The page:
Thursday, July 05, 2012

Markets in Everything: Rent Control Millionaires

Bloomberg: "Thousands of rent-controlled tenants in India’s fast-growing financial hub are becoming millionaires as developers tear down crumbling colonial mansions to build luxury towers for the rich.

Mea Kadwani, 78, has lived in the same apartment in the Mukund Mansion in Mumbai since he was a toddler. Thanks to rent control laws, he paid less than $20 a month for decades, and $23 a month recently, for a 2,600-square-foot space in the upscale Nepean Sea Road neighborhood, where rents typically top $2,000 a month. Now he’s moving on: After three years of negotiations, he and his wife pocketed $2.5 million from a real estate developer planning to turn the building into a garage for residents of its 29-story Villa Orb tower under construction next door."

MP: Amazing what government price controls can do to distort markets and create that kind of phenomenal "phantom wealth."  


At 7/05/2012 8:57 PM, Blogger Gale L. Pooley said...

Wealth for the tenant, not the property owner. The government essentially gave this property to the tenant.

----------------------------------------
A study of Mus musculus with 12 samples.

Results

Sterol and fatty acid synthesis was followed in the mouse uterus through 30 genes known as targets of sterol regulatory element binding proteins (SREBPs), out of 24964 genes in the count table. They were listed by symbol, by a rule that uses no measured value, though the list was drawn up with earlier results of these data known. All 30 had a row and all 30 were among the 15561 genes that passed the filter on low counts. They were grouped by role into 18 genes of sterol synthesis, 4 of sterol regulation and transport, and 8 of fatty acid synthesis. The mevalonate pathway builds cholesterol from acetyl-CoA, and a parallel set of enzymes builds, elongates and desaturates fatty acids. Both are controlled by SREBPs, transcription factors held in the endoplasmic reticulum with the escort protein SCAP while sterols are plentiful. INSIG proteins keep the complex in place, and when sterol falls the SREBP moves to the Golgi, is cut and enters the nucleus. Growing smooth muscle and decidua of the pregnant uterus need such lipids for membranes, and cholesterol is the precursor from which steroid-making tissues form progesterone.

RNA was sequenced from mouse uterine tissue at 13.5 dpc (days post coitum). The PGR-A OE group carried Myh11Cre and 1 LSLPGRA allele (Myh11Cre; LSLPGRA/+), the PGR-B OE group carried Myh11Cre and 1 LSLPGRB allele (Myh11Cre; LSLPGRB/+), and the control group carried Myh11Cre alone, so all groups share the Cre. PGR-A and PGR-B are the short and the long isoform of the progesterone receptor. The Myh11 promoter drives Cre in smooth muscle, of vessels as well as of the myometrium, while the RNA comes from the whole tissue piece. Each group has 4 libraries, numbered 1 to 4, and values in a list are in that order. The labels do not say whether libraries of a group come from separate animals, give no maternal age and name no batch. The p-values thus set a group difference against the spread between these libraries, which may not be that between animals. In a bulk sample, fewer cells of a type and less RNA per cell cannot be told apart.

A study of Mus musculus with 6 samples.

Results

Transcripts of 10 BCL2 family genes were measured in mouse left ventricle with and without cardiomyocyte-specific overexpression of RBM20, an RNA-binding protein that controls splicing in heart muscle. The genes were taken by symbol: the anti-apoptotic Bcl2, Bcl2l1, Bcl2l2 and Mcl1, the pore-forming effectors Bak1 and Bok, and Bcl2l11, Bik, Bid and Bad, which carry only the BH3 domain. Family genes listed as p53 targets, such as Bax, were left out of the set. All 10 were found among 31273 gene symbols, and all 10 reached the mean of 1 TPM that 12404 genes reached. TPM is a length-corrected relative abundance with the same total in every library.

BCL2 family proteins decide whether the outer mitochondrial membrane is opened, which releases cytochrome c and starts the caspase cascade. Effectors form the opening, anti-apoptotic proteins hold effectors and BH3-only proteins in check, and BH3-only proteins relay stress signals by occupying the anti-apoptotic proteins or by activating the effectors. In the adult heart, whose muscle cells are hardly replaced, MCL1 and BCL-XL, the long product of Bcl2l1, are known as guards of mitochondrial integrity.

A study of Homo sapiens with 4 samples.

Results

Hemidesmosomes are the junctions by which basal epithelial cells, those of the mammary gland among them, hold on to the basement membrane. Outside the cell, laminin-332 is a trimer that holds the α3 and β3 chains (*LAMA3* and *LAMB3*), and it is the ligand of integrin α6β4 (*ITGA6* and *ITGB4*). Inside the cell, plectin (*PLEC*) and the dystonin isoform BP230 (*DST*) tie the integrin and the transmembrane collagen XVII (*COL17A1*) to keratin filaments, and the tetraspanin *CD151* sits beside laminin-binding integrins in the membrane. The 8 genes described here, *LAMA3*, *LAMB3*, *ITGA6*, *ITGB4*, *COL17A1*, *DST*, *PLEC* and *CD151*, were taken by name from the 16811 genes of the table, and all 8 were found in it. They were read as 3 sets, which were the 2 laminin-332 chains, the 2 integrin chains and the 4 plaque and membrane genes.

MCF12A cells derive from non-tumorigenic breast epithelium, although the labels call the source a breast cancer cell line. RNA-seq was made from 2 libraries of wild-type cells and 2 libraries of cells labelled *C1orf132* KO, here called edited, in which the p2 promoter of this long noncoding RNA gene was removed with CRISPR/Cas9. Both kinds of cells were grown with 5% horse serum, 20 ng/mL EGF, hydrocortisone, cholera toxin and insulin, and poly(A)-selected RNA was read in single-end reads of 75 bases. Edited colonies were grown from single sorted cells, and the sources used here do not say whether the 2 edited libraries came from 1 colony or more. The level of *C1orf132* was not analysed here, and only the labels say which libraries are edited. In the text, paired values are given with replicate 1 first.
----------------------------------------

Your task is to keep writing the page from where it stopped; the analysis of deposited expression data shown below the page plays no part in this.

At 7/05/2012 8:58 PM, Blogger Don Culo said...

This comment has been removed by the author.

At 7/06/2012 5:35 AM, Blogger Kevin Carter said...

With an national, non-adjusted average income of Rs 53,331 ($961 USD), $23/mth is a not unreasonable 28.7% housing to income ratio; however, pre-development the average income of this area was likely closer to Rs 35,993 ($648 USD) (adjusted from 2004/2005 figures) which would be a dangerous 42.6% -- not much of a much of a bargain.

Reading the rest of the original article, it strikes me that it was more likely Rs 2.5M ($45,082 USD) unless this was a unique payout to a single hold-out tenant.

If developers want to transform coastal and other formerly poor (by Western standards) areas of India into prime real estate, it's only reasonable to my capitalist way of thinking that they absorb the associated costs, including what is effectively either relocating or rehousing the local population.

Similarly, the former owners have now been generously compensated for what must have been very profitable rental properties considering the extremely low original cost (again, by Western standards) and very inexpensive maintenance and upkeep typical in India.

The developers are making money, wealth is being redistributed, and jobs are being created: It seems to me that this is a success story that demonstrates just one of many reasons why India is full of investment opportunities.